Fighters seeking out unique training situations is nothing new when it comes to mixed martial arts.
UFC welterweight champion Georges St-Pierre has led that charge over the last few years incorporating gymnastics and other athletic routines to engage his core strength and give him a competitive edge over an opponent.
It’s even more common that fighters would look to join a top flight wrestling room ahead of a big fight. The sport is filled to the brim with ex-college wrestlers who will routinely go back to their university and work with the teams they were once a part of to get ready for a fight.
UFC heavyweight Josh Barnett decided to take that idea once step further when he started to work alongside the enlisted officers of the future by training at the Air Force Academy in Colorado, training under coach Joel Sharratt and his squad of wrestlers comprised of future military leaders.
MMA’s involvement with the military goes back to the start of the sport and while it’s routine for fighters to travel overseas or to armed forces bases to give seminars and train with the troops, Barnett is actually incorporating this into his fight camp ahead of his showdown with Travis Browne at UFC 168.
"My main training partner Erik Hammer, his high school wrestling coach was good friends with coach Joel Sharratt. So he had brought it up about me getting in some time with them and Coach Sharratt was all on board for it. He wanted the opportunity to work with me and said that the Air Force Academy would be a fantastic spot and we made it happen," Barnett told FOX Sports.
Now training in a wrestling room is a regular occurrence for a lot of fighters, but Sharratt’s wrestling program is a little different than others. He’s not only preparing his athletes for competition on the mats, he’s also getting them ready for life in the field of battle.
"Civilian schools’ sports are simply thought of as entertainment or extracurricular activity," Sharratt said when defining his program at the Air Force Academy. "Here, we are an integral contributor to the mission of the institution. Each year that a cadet commits 100 percent to our wrestling program is the equivalent of a 12-month immersion program in Global Engagement."
Barnett says the training at the Air Force Academy is invaluable. Beyond working with the wrestlers in the program, training under Coach Sharratt is a rare treat considering his credentials. Sharratt is a former NCAA champion wrestler and three time All-American from Iowa where he trained under legendary coach Dan Gable.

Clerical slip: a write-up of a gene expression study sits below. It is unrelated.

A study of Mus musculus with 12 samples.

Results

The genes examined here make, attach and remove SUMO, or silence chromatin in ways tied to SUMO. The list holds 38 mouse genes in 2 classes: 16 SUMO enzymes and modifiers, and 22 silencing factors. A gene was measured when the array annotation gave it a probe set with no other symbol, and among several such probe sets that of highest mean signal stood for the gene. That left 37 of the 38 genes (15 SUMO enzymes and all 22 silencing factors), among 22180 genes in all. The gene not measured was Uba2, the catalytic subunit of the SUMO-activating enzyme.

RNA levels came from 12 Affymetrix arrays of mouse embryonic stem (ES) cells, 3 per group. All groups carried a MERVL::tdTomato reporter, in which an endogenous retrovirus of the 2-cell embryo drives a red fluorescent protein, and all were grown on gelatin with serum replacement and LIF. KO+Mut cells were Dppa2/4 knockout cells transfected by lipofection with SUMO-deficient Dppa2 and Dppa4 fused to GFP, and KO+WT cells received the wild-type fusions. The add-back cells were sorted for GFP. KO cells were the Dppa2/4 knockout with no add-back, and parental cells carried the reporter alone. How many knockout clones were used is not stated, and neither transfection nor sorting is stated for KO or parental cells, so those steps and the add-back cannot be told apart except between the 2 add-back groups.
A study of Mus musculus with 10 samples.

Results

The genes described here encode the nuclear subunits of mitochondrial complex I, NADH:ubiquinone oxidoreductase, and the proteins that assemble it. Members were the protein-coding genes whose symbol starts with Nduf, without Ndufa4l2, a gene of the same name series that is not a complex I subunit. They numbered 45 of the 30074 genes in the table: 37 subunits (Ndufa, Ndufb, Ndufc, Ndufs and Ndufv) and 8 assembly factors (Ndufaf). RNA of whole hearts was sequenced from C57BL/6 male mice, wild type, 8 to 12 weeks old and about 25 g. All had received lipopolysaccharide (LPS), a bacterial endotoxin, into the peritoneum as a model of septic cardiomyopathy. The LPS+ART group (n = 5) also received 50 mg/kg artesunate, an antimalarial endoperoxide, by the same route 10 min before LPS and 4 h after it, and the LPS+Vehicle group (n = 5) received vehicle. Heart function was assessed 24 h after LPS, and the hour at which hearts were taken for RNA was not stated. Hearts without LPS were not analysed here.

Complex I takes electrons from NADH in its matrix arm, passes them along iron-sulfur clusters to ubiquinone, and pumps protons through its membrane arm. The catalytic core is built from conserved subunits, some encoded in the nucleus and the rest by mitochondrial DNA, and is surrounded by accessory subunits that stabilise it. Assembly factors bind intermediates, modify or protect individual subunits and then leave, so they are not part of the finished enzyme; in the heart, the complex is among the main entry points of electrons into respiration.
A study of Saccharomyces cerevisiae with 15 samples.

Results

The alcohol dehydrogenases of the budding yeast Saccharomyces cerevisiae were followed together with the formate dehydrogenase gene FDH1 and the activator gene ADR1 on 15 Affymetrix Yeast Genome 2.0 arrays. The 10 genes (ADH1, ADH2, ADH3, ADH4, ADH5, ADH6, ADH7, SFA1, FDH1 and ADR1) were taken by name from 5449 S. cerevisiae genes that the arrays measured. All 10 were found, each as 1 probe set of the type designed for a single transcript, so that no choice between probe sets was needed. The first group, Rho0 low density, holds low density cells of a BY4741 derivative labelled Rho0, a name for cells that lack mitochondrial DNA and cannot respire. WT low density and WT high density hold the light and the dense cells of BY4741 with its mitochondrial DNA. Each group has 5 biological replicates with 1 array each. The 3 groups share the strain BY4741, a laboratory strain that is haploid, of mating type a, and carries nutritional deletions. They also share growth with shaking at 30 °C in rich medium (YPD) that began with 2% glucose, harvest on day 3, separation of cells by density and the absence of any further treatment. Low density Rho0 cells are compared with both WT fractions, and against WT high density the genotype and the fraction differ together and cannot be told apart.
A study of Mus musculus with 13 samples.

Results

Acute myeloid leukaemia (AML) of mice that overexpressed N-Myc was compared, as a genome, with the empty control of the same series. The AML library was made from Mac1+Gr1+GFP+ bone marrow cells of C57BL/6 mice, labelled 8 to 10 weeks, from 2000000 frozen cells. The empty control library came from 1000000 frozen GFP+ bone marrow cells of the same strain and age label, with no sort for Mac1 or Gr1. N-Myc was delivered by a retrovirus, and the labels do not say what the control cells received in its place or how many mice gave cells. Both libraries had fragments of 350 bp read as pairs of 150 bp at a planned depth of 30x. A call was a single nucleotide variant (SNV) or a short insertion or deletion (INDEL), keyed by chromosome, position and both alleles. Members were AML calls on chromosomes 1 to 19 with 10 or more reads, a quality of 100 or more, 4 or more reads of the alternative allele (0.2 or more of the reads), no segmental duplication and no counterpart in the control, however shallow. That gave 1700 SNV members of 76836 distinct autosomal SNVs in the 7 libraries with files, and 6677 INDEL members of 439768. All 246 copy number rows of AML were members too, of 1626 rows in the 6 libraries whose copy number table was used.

His guidance and leadership have helped Barnett get ready for his upcoming fight, and he’s happy to be an invited guest to work at the Air Force Academy alongside some of the brightest future military leaders in the United States.
"Joel Sharratt is an Iowa trained wrestler under Dan Gable and that’s what we do. We drill and drill and drill and sometimes guys like Bobby Lashley come up and work with us and it’s really great to just be able to work on getting that wrestling perfect," Barnett said.
"Coach Sharratt’s a former D-1 wrestler and wrestling coach himself. Practice is two a days at least, and the first session is the easy one and even that’s exhausting. It’s great being on campus at the Academy because they’ve got an excellent facility and trainers and when you get to take advantage of that it’s a real privilege."
The discipline and work ethic of those involved with the military can never be questioned, and Barnett knows that kind of help is immeasurable ahead of a fight. It’s an entirely different animal than just working at home with his own camp, and this adds a whole new element of intensity to his training.
"I think the Air Force Academy staff know we’re there and that we’re present and they like that we’re there. It keeps my camp even more on track in terms of being in shape and just being as sharp as you could possibly be," Barnett said.
"Anybody that’s at the Air Force Academy has already gone through some serious trials and hoops to get there."
As for his upcoming fight against Travis Browne, Barnett is just focused on the task at hand but he certainly doesn’t mind thinking about the spoils of war should he come away victorious. A win would put him in prime position to possibly land a title shot in 2014, and Barnett is never one to turn down a shot at the gold.
"I crush skulls and whatever’s left I’ll pick up," Barnett said. "If there’s a title shot to be had, I’ll get it, going through the bodies of everyone that’s put in front of me."